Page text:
EDS Blog Challenge Day 2 What are my associated illnesses?

Welcome to Day 2 of the EDS Blog Challenge! Today I'll be talking about my conditions that I have that are usually associated with EDS.

Chronic Pain/ Fibromyalgia

I’ve been in pain for as long as I remember. I used to think that being in constant pain was completely normal, but now that I’m older I know that it actually isn’t okay. I’ve been officially diagnosed with chronic pain for four or five years now. I’ve had different reasons for various parts of me hurting. I broke both of my kneecaps when I was younger, I have shin splints in both shins, I have tendonitis in my left ankle and I messed up my right shoulder during a fall. All of these things have translated to being in chronic pain for a long time, and I’m still in pain today, but I tried not to voice my discomfort.

But recently after jumping through many hoops, I got referred to my hospitals pain management team by my neurologist and my Nurse Practitioner. Through pain management we have also come to the conclusion that I have Fibromyalgia and that it was probably triggered by a car accident I was in two years ago. But now I’m on a good pain treatment plan and I’m moderately functional.

Some doctors I’ve encountered have been very skeptical of my pain and Fibromyalgia diagnosis. They often think that I’m being melodramatic about my pain, or think that Fibromyalgia isn’t a actual condition. Sometimes I’ve only had other doctors believe them after I show them my diagnosis paperwork that I usually carry with me for emergencies or for appointments.

I also have pain resulting from my joints bending too far. My thumbs bend awkwardly when I grab anything without my thumb splints on to keep my joints in place. My knees also hurt because they bend so far backwards when I walk. I also have neck pain because it’s hard for my neck to support my head. That has also resulted in several of my neck vertebrae being straight instead of being curved like in a normal neck. And you can’t forget about the everyday pain of dislocating joints at the drop of a hat.

Idiopathic Gastroparesis

I also have what is called Idiopathic Gastroparesis. In normal language, idiopathic means of no known cause and Gastroparesis means stomach paralysis. My stomach doesn’t digest food correctly and it’s also difficult for me to absorb nutrients from food. Most of the time my body barely digests food at all and I spend most of my time throwing up. That’s because the food just sits there and ferments basically, leading to me being incredibly nauseous and miserable.

But for the record this is in no way related to an eating disorder, often times I literally just can’t eat.  There comes a point where you’re in an awkward position, your stomach is full of undigested food from say breakfast and then it’s time for another meal. And you just can’t eat, it’s not much of an actual choice when your stomach just cant eat anymore. Really it’d kind of like eating Thanksgiving over and over again it’s just plain uncomfortable. That’s why you’ll see many of us with Gastroparesis eating small snacks and small meals all day. Now you might think that we’re just find and normal or you might think we’re just eating too much food and that’s the reason why we’re throwing up all the time. But that’s one of the ways we try to manage food intake in hopes we might keep down enough calories to at least keep our weight stable. But this isn’t related to bulimia, we aren’t making ourselves throw up, it just happens. It’s kind of the equivalent of a hairball.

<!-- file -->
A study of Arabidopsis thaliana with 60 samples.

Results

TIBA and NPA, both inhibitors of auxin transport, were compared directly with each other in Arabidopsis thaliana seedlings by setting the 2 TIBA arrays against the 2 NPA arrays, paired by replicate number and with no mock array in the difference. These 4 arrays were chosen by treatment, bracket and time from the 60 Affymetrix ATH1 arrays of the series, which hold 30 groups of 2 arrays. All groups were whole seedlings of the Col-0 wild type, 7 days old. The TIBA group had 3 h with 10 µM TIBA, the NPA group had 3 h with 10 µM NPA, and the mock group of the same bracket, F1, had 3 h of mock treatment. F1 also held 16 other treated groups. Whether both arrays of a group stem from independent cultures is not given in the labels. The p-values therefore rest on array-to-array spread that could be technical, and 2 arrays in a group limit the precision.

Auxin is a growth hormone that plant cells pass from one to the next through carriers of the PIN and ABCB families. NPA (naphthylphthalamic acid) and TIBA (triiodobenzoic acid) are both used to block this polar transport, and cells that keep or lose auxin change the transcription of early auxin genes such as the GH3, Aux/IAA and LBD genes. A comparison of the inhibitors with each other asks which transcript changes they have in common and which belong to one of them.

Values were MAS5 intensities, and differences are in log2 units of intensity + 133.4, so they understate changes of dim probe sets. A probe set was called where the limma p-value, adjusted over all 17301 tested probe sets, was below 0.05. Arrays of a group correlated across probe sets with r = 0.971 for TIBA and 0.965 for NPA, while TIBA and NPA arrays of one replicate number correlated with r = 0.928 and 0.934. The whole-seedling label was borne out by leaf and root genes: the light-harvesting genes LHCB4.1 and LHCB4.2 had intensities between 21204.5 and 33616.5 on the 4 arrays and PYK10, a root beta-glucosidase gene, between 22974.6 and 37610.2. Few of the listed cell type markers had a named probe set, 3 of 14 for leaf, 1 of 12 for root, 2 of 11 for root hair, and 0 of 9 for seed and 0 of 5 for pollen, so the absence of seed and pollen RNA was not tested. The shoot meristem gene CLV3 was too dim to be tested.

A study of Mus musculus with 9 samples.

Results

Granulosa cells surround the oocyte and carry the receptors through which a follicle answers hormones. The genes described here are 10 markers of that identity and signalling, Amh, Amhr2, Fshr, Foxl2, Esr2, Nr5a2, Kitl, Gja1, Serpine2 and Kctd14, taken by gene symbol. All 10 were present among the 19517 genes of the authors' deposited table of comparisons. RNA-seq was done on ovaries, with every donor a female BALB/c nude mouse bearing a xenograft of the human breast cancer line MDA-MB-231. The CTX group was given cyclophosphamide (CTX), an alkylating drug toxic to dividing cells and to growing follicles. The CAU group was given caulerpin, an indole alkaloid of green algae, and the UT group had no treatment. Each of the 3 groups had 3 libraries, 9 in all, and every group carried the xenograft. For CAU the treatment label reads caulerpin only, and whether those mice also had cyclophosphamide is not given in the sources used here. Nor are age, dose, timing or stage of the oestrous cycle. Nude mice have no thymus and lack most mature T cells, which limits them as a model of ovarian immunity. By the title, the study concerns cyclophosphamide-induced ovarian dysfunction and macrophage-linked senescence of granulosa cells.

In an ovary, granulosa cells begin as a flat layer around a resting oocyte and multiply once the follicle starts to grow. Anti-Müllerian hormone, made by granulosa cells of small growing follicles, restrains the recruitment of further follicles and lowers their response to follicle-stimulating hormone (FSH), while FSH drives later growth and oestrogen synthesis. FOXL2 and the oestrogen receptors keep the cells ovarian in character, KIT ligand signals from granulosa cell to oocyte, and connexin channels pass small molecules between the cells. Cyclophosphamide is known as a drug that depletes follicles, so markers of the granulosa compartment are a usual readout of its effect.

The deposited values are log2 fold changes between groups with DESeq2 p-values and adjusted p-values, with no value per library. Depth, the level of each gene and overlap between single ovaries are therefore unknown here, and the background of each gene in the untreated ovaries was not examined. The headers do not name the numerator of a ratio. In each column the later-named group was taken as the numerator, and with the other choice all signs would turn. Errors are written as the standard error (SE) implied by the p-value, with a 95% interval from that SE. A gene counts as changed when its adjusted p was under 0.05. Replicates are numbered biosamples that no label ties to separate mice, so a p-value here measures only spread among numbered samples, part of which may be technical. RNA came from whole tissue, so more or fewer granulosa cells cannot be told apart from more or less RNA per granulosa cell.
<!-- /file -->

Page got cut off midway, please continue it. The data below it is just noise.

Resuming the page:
There are very few ways to treat Idiopathic Gastroparesis, it can actually get very annoying because we run the risk of our bodies adapting to our medications. In America, one of the standard medications used to treat Gastroparesis is called Reglan. It’s a medicine that forces gastric emptying, but it comes with some worrying side effects and in general I’m only a fan of Reglan in emergency situations when I can’t stop throwing up. But the side effects I don’t like is Parkinsons like symptoms, I usually end up with tremors, but the medicine doesn’t give you Parkinsons. Usually if you stop the Reglan soon enough after the side effects present themselves they’ll dissipate and you should be fine, though you should always check with your doctor before you stop taking your medication.

If you have the option of switching medication, I would. My GI doctor switched me to a medication called Domperidone. It isn’t available in the U.S because it isn’t approved by the FDA, because it has the possibility of causing Long QT Syndrome, but my doctor said that it wasn’t that big of a problem to worry about in my case. But my doctor was able to write me a prescription, I sent it to a contact that my doctor has in Illinois I think. Then his contact was able to work his magic and got my medication from a pharmacy in London and got it shipped to me. It was a tedious annoying process.

Though I’ve been on Domperidone for awhile now and I do have to say it was worth the wait. I think it has improved my functionality a bit and I could eat more than I did before. And I think I’m finally able to consume enough food to maintain my weight, though recently chemo and surgery have caused me to lose almost 30 pounds.


Lastly I have POTS, it’s a type of Dysautonomia. It’s where the autonomic nervous system doesn’t work appropriately. In POTS when we change positions from laying to standing for example out blood pressure can plummet and our heart rate will usually get really high. This can result in episodes of blacking out of partially blacking out. Usually though I can keep my blood pressure stable with an adequate amount of Pedialyte and my heart rate is kept stable with low dose Propranolol.